Montana State University

MSU soil expert offers fertilizing advice for drought-affected farms

October 23, 2012 -- MSU News Service


There are a few recommended differences between nutrient management during drought conditions and normal conditions.

"The nutrients available for the next season's crops may be either higher or lower than normal because the amount removed by the drought-stressed crop may be different than in a normal year and soil-nutrient cycles are altered," said Clain Jones, Extension Soil Fertility specialist in the Department of Land Resources and Environmental Sciences at Montana State University.

There is an assumption that fewer nutrients are removed by the lower yields from drought stressed crops. However, some crops may have been harvested as forage rather than as grain. Harvest of the whole plant may remove more nutrients from the field than a grain harvest. Alternatively, if a crop is considered a total loss and not harvested at all, no nutrients are removed from the field.

The amounts of nutrients removed are more a function of the size of the harvest than of possible changes in grain or straw nutrient concentrations caused by drought.

Nitrogen removal by harvest is only one factor affecting next year's available nitrogen supply.

Decreased downward nitrogen movement out of the rooting zone also contributes to potentially higher than normal fall nitrate-nitrogen levels. If there is substantial fall to mid spring rainfall, this residual nitrogen is susceptible to over-winter leaching loss, especially in coarse soil or soil with cracks.

"No-till slows decomposition of the plant residue, making less residual nitrogen available for leaching and therefore helps retain the nitrogen on the site," Jones said. "A volunteer grain crop or winter weeds can help capture and hold some of the residual nitrogen."

Phosphorus and potassium levels are largely influenced by: Reduced plant uptake, the harvest timing, the harvest amount, and which part of the plant is removed.

Harvesting wheat grain removes about 80 percent of the phosphorus taken up by the crop, with the remainder staying on the field if straw is not removed. Harvesting the wheat as forage at early heading removes only half as much phosphorus.

In contrast, most of the potassium taken up by wheat is in the leaves and stems and very little is removed in the grain. If wheat is harvested for forage at mid-heading then more potassium is removed than when wheat is harvested for grain.

The recycling of potassium from plant residue generally recharges soil potassium levels. However, lack of rain reduces release of potassium from plant material, causing reduced potassium soil test levels.

Jones advised producers to not overreact to low soil test potassium.

"The potassium is temporarily tied up in plant residue but most will become available to the next crop," he said.

Soil sampling is the best tool available to help make fertilizer rate decisions, especially since nutrient removal estimates are not available for all crops at all stages of harvest.

Spring soil tests are a good gauge because available nutrients change from fall to spring. If possible, sample to a two to three foot depth to determine residual nitrogen. Sampling at six-inch increments can help determine where the nitrogen is located in the soil profile to evaluate risk and magnitude of leaching loss from the root zone.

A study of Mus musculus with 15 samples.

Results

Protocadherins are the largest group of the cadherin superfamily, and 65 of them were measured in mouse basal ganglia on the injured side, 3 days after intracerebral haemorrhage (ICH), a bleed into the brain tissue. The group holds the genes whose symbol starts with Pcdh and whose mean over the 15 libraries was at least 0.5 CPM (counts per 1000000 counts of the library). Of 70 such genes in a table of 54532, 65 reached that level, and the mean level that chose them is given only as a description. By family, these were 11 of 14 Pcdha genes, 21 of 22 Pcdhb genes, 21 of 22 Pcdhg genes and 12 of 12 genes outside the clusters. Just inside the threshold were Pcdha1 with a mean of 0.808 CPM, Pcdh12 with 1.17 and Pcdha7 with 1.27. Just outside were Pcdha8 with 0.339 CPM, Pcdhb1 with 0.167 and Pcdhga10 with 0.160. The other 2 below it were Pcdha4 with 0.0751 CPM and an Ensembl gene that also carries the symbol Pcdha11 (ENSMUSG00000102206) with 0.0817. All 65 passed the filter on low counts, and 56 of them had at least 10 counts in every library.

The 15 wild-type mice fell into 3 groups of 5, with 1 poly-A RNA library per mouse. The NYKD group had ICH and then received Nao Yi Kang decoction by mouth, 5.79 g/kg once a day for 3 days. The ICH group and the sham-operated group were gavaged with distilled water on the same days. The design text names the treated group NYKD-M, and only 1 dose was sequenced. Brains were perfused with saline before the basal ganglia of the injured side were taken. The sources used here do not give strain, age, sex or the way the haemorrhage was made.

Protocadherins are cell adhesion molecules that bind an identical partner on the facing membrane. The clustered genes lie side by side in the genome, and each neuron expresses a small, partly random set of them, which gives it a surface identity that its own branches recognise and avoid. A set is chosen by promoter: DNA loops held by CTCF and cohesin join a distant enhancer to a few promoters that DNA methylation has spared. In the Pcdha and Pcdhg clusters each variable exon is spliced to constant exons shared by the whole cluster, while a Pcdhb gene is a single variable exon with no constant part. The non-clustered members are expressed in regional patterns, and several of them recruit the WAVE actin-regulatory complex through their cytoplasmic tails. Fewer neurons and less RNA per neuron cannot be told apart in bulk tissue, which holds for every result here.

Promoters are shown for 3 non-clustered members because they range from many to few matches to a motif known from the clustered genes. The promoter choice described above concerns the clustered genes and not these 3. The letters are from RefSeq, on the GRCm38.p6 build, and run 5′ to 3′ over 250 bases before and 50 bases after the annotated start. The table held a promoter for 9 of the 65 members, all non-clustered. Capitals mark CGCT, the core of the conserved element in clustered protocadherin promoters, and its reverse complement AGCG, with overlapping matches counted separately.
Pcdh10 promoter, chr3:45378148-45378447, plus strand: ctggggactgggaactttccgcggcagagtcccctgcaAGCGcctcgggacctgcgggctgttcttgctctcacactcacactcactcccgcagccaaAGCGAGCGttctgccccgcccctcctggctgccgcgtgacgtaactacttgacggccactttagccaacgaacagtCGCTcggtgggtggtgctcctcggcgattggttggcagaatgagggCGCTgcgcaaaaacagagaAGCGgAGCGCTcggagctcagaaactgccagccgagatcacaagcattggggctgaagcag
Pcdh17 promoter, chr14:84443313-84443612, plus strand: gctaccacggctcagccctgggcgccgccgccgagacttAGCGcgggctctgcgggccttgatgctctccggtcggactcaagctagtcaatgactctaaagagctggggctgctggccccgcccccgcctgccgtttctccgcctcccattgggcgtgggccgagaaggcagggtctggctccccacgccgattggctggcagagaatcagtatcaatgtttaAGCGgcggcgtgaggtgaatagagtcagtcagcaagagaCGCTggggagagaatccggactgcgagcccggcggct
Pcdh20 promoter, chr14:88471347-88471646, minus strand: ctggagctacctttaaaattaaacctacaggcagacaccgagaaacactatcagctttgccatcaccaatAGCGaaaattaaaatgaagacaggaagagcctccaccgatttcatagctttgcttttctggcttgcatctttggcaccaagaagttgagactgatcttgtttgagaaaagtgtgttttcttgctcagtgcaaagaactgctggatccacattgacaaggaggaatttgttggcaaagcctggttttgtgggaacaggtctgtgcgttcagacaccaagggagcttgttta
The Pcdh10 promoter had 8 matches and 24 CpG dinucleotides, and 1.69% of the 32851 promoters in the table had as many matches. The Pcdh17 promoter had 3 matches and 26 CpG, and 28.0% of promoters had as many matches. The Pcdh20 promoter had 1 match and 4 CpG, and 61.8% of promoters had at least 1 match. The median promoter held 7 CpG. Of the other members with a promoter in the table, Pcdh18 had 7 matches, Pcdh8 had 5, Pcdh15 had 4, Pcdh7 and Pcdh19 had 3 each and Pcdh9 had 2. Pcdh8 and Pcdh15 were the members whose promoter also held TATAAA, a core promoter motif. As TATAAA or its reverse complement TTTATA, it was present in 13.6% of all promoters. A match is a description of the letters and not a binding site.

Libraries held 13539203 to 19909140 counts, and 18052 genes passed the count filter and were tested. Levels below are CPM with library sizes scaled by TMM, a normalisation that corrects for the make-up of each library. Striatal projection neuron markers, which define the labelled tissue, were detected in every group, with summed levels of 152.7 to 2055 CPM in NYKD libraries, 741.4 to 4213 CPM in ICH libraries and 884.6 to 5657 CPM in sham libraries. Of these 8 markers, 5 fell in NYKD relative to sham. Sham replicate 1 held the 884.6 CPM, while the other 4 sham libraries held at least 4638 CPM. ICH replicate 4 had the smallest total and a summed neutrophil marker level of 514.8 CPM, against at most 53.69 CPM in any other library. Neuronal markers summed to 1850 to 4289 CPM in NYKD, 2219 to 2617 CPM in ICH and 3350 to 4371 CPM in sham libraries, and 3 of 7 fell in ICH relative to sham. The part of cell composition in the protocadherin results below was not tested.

Jones noted that plant nutrient uptake tends to be more variable across a field under drought conditions, so taking more samples can be helpful.

"Even if soil samples are available from the prior year, samples taken after drought provide a better basis for next year's fertilizer needs because drought can change nutrient availability," said Jones.

Also, analyzing soil samples in a drought year and comparing the results and yield records with 'normal' years can help interpret tests in future dry years.

Fertilizer rates should be based on available nutrients as indicated by soil tests and reasonable yield predictions, which are difficult under normal moisture conditions, let alone during drought cycles, Jones said.

Nitrogen credit from a legume crop grown for grain is not largely influenced by drought during the legume rotation. It can vary from zero to about 20 pounds nitrogen per acre, being at the upper end of this range when legumes have been grown several times in rotation.

Nitrogen credit should be at the low end when the spring following the legume crop is dry, which makes water, rather than nitrogen, the limiting factor for grain growth and delays the release of nitrogen from the legume residue. Phosphorus and potassium can be applied in the fall.

However, nitrogen is best applied near planting to avoid overwinter loss and adjust for overwinter changes. Nitrogen levels can be adjusted with top-dressing if moisture conditions improve after planting. This will minimize over- or under-fertilizing, which is costly to producers in drought as well as normal years.

The International Plant Nutrition Institute has a few articles on nutrient management following drought available at http://www.ipni.net/article/IPNI-3277.

Contact your local MSU Extension agent https://www.msuextension.org/localoffices.cfm or crop adviser for help with specific fertilizer decisions. To find a certified crop adviser, click on "Find a CCA" at https://www.certifiedcropadviser.org/. For other soil fertility information, please go to http://landresources.montana.edu/soilfertility.

Contact: Clain Jones (406) 994-6076 or clainj@montana.edu.